Facts About Fibromyalgia: Identifying And Treating Chronic Fibromyalgia Pain

Fibromyalgia (FM) is a disorder which causes chronic pain throughout the body. It may also cause fatigue and sleep disturbances, which in turn can lead to depression. The National Fibromyalgia Association identifies fibromyalgia as a syndrome rather than a disease. By their definition, a disease has definite symptoms and a specific cause. A syndrome has a collection of symptoms which may cause medical problems, but they are not related to an identifiable cause.

Diagnosing Fibromyalgia

Many people with FM have spent years going from one doctor to another in search of an explanation for the pain they feel, but since there are no specific laboratory tests for fibromyalgia, the diagnosis must be made on the basis of clinical observations. According to Mayo Clinic, the presence of tenderness at specific points over the body is a strong indicator of fibromyalgia and may be sufficient for a diagnosis if other causes of the persistent pain have been ruled out.

Causes of Fibromyalgia

No one knows exactly what causes fibromyalgia, but it tends to run in families. Women are more likely to develop fibromyalgia than men, and the risk of developing it increases with age. It is suspected that infections or trauma may trigger it, but this theory has not been proved.

Treatment of Fibromyalgia

New prescription drugs to treat fibromyalgia pain are available, but drug therapy is only one part of a comprehensive treatment program. Stretching and regular, gentle exercise are key components in managing pain and avoiding stiffness. Getting enough rest is also important. If lack of sleep is a problem, medications can be prescribed to help. Physical therapy, massage, acupuncture and yoga can be helpful adjuncts to standard treatment.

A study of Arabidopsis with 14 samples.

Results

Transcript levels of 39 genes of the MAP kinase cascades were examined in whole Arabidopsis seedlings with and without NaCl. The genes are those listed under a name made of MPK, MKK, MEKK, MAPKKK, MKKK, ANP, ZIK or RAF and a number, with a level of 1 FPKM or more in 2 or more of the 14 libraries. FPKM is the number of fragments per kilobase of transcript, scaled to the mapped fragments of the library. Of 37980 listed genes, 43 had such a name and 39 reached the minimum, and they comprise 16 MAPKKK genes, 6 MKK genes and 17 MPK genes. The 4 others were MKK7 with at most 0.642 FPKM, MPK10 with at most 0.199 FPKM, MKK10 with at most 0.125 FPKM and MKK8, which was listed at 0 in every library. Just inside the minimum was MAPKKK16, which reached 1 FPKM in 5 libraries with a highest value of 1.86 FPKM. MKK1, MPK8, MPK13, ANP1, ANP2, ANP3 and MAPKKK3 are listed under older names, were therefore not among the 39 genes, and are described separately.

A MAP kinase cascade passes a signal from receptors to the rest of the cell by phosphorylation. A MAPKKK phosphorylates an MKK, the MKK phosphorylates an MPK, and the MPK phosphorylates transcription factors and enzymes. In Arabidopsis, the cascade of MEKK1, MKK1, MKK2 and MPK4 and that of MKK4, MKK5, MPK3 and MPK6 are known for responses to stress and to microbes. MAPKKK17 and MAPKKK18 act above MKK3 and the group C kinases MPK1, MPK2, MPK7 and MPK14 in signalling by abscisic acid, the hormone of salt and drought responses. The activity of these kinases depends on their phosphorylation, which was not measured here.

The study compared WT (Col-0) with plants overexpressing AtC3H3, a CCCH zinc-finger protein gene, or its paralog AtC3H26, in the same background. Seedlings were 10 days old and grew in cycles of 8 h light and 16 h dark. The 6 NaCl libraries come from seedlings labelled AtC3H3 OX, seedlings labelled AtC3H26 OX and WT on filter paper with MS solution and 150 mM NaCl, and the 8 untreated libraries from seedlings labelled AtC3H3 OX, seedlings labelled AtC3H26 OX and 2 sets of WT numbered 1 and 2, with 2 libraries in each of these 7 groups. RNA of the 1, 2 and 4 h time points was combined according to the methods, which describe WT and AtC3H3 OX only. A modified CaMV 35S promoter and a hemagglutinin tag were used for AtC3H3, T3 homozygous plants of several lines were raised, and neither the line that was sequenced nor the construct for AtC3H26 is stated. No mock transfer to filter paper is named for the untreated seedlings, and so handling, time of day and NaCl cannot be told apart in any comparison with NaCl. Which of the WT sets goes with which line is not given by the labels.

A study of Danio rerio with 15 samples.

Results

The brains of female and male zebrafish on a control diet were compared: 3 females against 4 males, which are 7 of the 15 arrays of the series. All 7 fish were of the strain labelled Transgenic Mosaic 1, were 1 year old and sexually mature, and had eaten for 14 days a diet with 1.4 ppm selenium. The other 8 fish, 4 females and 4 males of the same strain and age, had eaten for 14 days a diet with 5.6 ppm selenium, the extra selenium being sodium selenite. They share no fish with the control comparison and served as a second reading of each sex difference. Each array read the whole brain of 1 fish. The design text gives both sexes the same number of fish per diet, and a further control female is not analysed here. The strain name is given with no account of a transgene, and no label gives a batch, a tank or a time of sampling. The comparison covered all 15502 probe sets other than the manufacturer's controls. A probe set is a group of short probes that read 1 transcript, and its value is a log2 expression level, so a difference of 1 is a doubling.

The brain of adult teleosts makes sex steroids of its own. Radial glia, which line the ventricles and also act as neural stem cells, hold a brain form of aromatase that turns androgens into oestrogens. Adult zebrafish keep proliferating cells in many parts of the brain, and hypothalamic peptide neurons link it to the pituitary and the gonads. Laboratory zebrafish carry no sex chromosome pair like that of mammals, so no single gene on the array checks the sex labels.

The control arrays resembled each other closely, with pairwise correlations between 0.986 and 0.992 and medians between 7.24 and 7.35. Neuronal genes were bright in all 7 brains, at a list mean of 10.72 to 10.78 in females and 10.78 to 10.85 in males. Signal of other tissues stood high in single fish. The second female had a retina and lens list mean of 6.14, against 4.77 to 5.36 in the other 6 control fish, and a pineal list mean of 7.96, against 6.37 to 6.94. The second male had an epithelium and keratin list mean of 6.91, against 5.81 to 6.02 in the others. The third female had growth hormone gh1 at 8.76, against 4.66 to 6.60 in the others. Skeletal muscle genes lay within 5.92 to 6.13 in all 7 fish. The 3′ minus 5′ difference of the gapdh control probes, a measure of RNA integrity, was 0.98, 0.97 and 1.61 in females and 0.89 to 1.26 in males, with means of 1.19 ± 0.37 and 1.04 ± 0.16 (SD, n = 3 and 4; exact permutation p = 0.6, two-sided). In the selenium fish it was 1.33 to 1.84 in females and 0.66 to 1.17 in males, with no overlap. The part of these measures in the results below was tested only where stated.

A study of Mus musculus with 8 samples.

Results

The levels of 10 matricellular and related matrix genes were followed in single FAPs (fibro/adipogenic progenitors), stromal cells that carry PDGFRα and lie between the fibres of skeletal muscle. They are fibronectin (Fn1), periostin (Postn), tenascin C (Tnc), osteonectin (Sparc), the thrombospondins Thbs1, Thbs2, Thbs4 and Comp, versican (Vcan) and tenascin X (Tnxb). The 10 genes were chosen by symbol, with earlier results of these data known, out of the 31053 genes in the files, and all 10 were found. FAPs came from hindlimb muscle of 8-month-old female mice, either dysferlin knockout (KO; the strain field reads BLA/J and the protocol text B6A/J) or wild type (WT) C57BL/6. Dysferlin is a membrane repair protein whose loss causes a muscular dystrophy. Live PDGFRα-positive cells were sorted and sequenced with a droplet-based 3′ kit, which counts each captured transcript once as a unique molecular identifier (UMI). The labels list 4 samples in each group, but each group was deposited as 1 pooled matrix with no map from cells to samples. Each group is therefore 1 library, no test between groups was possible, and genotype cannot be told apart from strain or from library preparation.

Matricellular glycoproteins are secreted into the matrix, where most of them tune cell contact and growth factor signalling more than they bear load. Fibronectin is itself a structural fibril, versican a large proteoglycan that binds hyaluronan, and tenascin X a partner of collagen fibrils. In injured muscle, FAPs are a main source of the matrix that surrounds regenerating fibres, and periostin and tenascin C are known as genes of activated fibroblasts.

In spite of the help available from the medical community, the day-to-day work of managing the chronic pain of fibromyalgia must be done by the patient. Self help must begin upon diagnosis. Each person has to find the combination of medicines and therapies that work best for him or her. Some changes in life style may be necessary, and a more relaxed attitude cultivated. The support and understanding of family and friends is important in order to avoid the depression which sometimes comes from dealing with a chronic condition.


At the present time, there is no cure for fibromyalgia, but it is no longer being ignored or treated as a figment of the patient’s imagination. According to the National Fibromyalgia Association, the U.S. Food and Drug Administration has approved three new drugs for the treatment of FM since 2007, and others are on the way. In addition, there is more research being done on FM now than at any time in the past.